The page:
Tips on Increasing Your FICO Score for Home Buying
Choosing a lender isn't the first step in becoming a homeowner. The content of your wallet starts the home buying process. Without an above average credit score, purchasing a house is more difficult and, you could find yourself renting longer than you expected in Fall River, Massachusetts until you build up your score.
A FICO score is a review of your years of credit history based on a model developed by Fair Isaac and Company. The score ranges from 300 to 850, with most people traditionally having a score of 600. Even though more people these days are experiencing job loss and delinquent credit cards, FICO scores aren't necessarily adjusted "on a curve." A low score is a low score and that often means you can't get a decent interest rate. Some of the factors in reviewing your FICO score include:
- Credit to Debt Ratio — How much do you owe versus how much credit you have available?
- Credit Inquiries — How many times has your credit history been accessed by someone other than you?
- Types of Credit — Do you have a healthy mix of loans and credit cards?
- Payment History — Do you pay your bills on time ?
In reviewing your credit history, you'll discover that you actually have three reports. Experian, Equifax and TransUnion — three of the major credit reporting agencies — use a slightly different systems to determine your credit rating. FICO is used by Experian. Equifax's model is called BEACON and TransUnion uses EMPIRICA. You have a credit score with all three of the bureaus.
Lenders want to make sure that giving you a loan isn't a risk for them. Your credit score gives lenders an insight into what type of borrower you'd be solely because of your credit history. You'll need a score of at least 700 to get a acceptable interest rate. If your score is less than that, you can still qualify for a loan, but the interest paid over time could be more than double the amount of an individual having a stronger FICO score.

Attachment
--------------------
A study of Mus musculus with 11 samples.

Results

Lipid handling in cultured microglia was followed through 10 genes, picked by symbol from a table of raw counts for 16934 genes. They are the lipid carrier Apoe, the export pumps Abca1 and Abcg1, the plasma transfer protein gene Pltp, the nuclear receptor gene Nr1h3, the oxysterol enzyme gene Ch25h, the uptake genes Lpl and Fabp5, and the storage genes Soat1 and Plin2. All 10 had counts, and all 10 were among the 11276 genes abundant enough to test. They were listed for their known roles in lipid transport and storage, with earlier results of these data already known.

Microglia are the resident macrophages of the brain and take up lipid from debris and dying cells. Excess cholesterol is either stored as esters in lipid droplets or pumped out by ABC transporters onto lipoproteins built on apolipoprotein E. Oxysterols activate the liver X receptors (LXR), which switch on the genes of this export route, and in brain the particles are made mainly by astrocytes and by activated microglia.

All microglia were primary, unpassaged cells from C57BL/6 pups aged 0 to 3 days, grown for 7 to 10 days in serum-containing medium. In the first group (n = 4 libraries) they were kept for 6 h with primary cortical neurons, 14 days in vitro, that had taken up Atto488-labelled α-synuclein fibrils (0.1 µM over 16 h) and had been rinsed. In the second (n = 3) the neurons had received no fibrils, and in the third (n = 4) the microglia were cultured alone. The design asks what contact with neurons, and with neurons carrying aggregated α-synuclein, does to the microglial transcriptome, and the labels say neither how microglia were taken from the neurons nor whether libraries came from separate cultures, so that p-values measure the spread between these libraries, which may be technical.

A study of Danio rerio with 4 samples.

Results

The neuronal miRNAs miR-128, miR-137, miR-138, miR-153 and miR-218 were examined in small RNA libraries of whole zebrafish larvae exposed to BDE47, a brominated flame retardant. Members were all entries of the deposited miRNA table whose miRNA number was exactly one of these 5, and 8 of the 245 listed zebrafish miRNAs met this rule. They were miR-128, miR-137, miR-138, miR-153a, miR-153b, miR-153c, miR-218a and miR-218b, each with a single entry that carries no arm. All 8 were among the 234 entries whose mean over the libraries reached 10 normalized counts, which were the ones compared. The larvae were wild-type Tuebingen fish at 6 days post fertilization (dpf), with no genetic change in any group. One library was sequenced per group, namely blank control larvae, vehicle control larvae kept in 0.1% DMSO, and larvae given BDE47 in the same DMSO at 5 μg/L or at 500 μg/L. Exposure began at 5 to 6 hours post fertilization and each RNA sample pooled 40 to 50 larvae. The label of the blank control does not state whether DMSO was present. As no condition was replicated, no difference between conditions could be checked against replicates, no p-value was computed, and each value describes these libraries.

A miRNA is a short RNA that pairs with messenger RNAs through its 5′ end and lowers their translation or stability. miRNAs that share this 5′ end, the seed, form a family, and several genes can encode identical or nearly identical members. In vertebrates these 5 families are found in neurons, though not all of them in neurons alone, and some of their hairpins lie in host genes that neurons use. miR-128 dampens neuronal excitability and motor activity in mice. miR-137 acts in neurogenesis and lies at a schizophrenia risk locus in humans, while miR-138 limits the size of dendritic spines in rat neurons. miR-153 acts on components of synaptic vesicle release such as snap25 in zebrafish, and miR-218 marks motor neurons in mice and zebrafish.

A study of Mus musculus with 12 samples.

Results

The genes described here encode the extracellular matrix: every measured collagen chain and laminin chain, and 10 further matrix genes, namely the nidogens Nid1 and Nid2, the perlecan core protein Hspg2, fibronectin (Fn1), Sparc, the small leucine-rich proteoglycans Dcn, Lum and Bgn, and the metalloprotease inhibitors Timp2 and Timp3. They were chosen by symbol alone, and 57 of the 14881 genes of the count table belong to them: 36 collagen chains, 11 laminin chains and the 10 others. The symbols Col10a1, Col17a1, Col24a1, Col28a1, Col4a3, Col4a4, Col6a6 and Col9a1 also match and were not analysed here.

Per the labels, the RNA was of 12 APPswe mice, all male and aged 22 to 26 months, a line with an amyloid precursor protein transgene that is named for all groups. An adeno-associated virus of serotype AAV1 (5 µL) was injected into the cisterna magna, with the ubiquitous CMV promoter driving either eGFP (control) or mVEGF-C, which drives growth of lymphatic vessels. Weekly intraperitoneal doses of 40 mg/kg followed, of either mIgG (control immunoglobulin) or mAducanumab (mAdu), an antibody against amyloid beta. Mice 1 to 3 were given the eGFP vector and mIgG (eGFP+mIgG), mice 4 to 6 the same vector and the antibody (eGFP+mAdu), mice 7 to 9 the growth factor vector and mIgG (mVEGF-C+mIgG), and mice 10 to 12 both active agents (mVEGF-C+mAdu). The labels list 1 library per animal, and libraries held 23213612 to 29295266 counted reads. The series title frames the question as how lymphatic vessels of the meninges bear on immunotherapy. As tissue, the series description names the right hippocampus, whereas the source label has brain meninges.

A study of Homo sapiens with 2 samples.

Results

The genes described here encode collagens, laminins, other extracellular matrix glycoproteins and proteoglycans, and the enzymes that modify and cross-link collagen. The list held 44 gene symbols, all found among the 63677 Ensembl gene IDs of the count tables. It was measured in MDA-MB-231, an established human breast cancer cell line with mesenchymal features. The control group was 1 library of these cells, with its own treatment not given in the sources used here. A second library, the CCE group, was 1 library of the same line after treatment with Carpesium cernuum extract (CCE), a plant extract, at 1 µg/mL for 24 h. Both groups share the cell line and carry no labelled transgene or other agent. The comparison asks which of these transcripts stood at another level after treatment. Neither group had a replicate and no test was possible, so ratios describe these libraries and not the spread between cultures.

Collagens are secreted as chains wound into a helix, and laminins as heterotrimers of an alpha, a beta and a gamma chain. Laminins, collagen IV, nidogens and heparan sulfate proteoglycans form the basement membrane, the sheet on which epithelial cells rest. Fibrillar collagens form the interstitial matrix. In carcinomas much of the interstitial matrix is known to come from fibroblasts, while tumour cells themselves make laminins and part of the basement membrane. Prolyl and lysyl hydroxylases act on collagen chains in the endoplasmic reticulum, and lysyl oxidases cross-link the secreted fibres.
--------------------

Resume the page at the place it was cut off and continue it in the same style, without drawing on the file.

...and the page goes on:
Getting your credit in order is the first step in owning a home. Call us at (508) 646-4777 and we can help you get on the right track to the home of your dreams.
There are methods to raise your score. Improving your FICO score takes time. It can be rare to make a large-scale change in your credit score with small changes, but your score can improve in a year or two by keeping tabs your credit report and by using credit extended to you to raise your score, instead of ruin it. The most important thing is to know your FICO score. You'll improve your credit score by using these pointers:
- Keep your cards in rotation. Whether you have older cards, or are just getting started with credit, use your cards so that your accounts maintain an active status. But, pay them off in no more than two or three payments.
- Pay on time. Payment history is a big factor in your FICO score. It's where people who have recently been unemployed see the biggest hit in their credit score. Yes, it takes longer to rebuild your credit with payment history, but it's the surest way to prove that you're able to make payments to a lender.
- Correct your credit report. If you find incorrect items on your credit report, write to the bureau requesting that the item be removed. If you have a common name or the same name as a family member, you'll want to pay extra attention to make sure the activity reported is correct.
- Even out your debt. At first, this doesn't seem like a good idea. But, you want to avoid of having one card that is maxed out and have the rest of your cards at a zero balance. It's better to have each of your cards at a smaller balance than to have the most of your debt taking up the balance one card.
- Apply for gas cards or department store credit. For those who have non-existent credit or less-than-stellar credit, chain store credit cards and gas credit cards are ways to begin your credit history, increase your credit limits and have a solid payment history, which will raise your credit. You should always avoid holding a high balance for too long because these types of cards more than likely have a surprising interest rate.
Knowing the methods you can use to raise your FICO score, you can move toward becoming a homeowner. Remember that when it's time to apply for a loan to purchase a home, you'll want to keep your applications within a two-week window to avoid damaging your credit score. With the help of E Z Home Search Real Estate Inc., the loan application process can be a stress-free experience so you, too, can achieve home ownership.
Get more information by visiting myFICO.com, Fair Isaac's informational site and you can review all of your credit reports for free each year at annualcreditreport.com. And, for a small payment, you can get your FICO score from each bureau on their websites: equifax.com, experian.com and transunion.com.